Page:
Researchers in the Department of Physics in Arts & Sciences at Washington University in St. Louis received $1.5 million from NASA to fund a new flight of XL-Calibur, a balloon-borne telescope built to examine the most extreme objects in the universe. XL-Calibur will be launched from Esrange Space Center in Sweden, north of the Arctic Circle, in May 2024.
Henric Krawczynski, professor and chair of physics, is leading a collaboration of more than 50 scientists from three countries — the United States, Japan and Sweden — on the project. Krawczynski and his group at Washington University developed XL-Calibur and its successful predecessor X-Calibur to unlock the secrets of astrophysical black holes and neutron stars. The telescope last flew in 2022.
The XL-Calibur instrument measures polarized X-ray light as it is lofted under a scientific balloon flown at 125,000 feet in the air. The data that it gathers can be used on its own or together with data from a space-based polarization detector called IXPE. Krawczynski and his collaborators participate in IXPE as members of the science team.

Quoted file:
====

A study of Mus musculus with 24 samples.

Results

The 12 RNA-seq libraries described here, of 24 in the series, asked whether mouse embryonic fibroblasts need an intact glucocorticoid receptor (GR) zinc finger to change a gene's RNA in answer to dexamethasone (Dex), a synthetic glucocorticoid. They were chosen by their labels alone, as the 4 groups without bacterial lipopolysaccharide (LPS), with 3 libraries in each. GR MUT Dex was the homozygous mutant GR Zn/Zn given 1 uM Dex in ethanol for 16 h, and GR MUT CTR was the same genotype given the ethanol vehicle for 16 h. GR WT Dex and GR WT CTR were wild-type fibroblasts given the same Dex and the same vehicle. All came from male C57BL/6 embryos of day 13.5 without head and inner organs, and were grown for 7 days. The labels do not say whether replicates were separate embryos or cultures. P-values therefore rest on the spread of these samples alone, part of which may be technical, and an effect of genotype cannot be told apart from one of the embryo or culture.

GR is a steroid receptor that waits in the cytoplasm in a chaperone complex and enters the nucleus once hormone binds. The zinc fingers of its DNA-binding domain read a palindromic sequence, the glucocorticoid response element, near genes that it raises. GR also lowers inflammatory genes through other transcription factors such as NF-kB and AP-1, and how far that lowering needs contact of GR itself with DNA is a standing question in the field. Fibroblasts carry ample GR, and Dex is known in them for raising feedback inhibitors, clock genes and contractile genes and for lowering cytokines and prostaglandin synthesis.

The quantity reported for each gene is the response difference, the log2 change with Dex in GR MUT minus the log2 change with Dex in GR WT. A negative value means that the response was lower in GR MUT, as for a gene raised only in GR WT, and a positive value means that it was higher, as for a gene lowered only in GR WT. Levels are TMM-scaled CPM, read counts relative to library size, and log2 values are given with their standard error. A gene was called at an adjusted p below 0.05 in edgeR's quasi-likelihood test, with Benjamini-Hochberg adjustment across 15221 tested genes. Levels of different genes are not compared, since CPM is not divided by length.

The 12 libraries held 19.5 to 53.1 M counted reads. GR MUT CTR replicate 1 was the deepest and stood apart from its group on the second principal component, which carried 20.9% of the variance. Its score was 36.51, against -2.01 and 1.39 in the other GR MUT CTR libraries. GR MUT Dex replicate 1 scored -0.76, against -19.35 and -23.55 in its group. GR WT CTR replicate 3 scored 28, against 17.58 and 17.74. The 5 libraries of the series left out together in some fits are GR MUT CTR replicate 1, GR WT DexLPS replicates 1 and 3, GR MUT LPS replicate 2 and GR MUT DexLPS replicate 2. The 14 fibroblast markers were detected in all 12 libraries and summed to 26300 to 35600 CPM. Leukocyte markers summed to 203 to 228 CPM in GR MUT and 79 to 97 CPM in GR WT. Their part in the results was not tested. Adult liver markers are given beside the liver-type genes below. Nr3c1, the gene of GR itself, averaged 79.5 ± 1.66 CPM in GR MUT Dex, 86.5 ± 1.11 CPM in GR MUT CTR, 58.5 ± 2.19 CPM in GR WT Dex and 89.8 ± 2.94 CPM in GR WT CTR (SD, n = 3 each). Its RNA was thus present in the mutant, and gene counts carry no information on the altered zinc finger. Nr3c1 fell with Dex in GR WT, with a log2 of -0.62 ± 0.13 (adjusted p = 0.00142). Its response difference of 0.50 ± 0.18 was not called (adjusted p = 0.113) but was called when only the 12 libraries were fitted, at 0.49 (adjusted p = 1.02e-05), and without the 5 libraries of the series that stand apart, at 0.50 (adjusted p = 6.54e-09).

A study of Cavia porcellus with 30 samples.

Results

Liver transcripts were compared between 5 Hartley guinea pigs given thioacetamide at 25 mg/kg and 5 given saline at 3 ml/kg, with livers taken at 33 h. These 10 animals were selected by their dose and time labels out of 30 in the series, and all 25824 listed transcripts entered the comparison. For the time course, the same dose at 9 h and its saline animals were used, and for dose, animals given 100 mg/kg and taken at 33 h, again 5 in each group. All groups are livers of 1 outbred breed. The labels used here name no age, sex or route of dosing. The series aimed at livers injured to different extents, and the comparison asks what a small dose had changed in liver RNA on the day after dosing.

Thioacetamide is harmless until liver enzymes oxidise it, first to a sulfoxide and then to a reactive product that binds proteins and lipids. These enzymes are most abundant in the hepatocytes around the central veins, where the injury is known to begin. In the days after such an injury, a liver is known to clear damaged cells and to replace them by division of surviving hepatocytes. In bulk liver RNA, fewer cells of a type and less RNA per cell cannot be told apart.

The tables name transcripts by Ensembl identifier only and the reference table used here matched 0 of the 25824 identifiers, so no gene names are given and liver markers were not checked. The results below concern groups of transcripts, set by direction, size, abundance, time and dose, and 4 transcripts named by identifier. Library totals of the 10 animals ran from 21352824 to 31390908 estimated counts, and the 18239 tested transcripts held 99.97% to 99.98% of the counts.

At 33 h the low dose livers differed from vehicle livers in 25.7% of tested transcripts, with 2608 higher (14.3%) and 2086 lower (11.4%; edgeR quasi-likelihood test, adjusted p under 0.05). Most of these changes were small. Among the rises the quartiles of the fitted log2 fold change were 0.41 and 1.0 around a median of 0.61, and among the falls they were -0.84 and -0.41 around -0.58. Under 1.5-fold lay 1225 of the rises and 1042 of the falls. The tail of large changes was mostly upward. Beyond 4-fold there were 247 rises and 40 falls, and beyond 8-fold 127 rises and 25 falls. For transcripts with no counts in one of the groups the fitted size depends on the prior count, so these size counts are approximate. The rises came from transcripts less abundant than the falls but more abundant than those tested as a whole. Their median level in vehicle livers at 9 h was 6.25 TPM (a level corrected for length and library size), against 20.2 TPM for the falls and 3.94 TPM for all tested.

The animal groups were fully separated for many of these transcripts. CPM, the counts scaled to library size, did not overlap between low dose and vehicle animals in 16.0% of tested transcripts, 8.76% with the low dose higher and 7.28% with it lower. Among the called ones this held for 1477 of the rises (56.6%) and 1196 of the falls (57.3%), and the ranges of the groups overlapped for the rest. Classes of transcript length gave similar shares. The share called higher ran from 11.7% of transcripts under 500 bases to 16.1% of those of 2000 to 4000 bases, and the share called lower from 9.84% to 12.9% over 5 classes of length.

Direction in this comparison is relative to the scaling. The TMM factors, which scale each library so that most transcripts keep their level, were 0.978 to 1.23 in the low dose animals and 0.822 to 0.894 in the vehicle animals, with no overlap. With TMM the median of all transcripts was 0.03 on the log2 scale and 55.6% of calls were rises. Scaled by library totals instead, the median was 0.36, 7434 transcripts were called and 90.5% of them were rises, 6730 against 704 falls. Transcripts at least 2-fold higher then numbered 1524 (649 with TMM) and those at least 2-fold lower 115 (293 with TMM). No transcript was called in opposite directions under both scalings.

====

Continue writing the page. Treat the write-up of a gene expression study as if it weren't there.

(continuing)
During their upcoming flight, the XL-Calibur scientists plan to study how the black hole Cygnus X-1 accretes matter and to test models of particle acceleration by pulsars and blazars. XL-Calibur scientists also seek to validate certain findings suggested by IXPE, including a new theory about the nature of the X-ray source known as Cygnus X-3, which may be a neutron star in disguise and not a black hole. XL-Calibur scientists will be able to take a close look at the Cygnus X-3 accretion disk and determine how matter and magnetic fields are organized in the extreme environment close to this compact object.
Krawczynski is teaming up with Alex Chen and Yayie Yuan, both assistant professors of physics in Arts & Sciences; graduate students Nicole Rodriguez Cavero and Ephraim Gau; and postdoctoral fellow Kun Hu to work on a new theory to explain the recent IXPE observations of stellar mass black holes.
“Most of the recent IXPE black hole observations have given us really surprising results,” said Krawczynski, who is a faculty fellow of the McDonnell Center for the Space Sciences. “We are getting the first information about the magnetization of black hole accretion disk atmospheres.”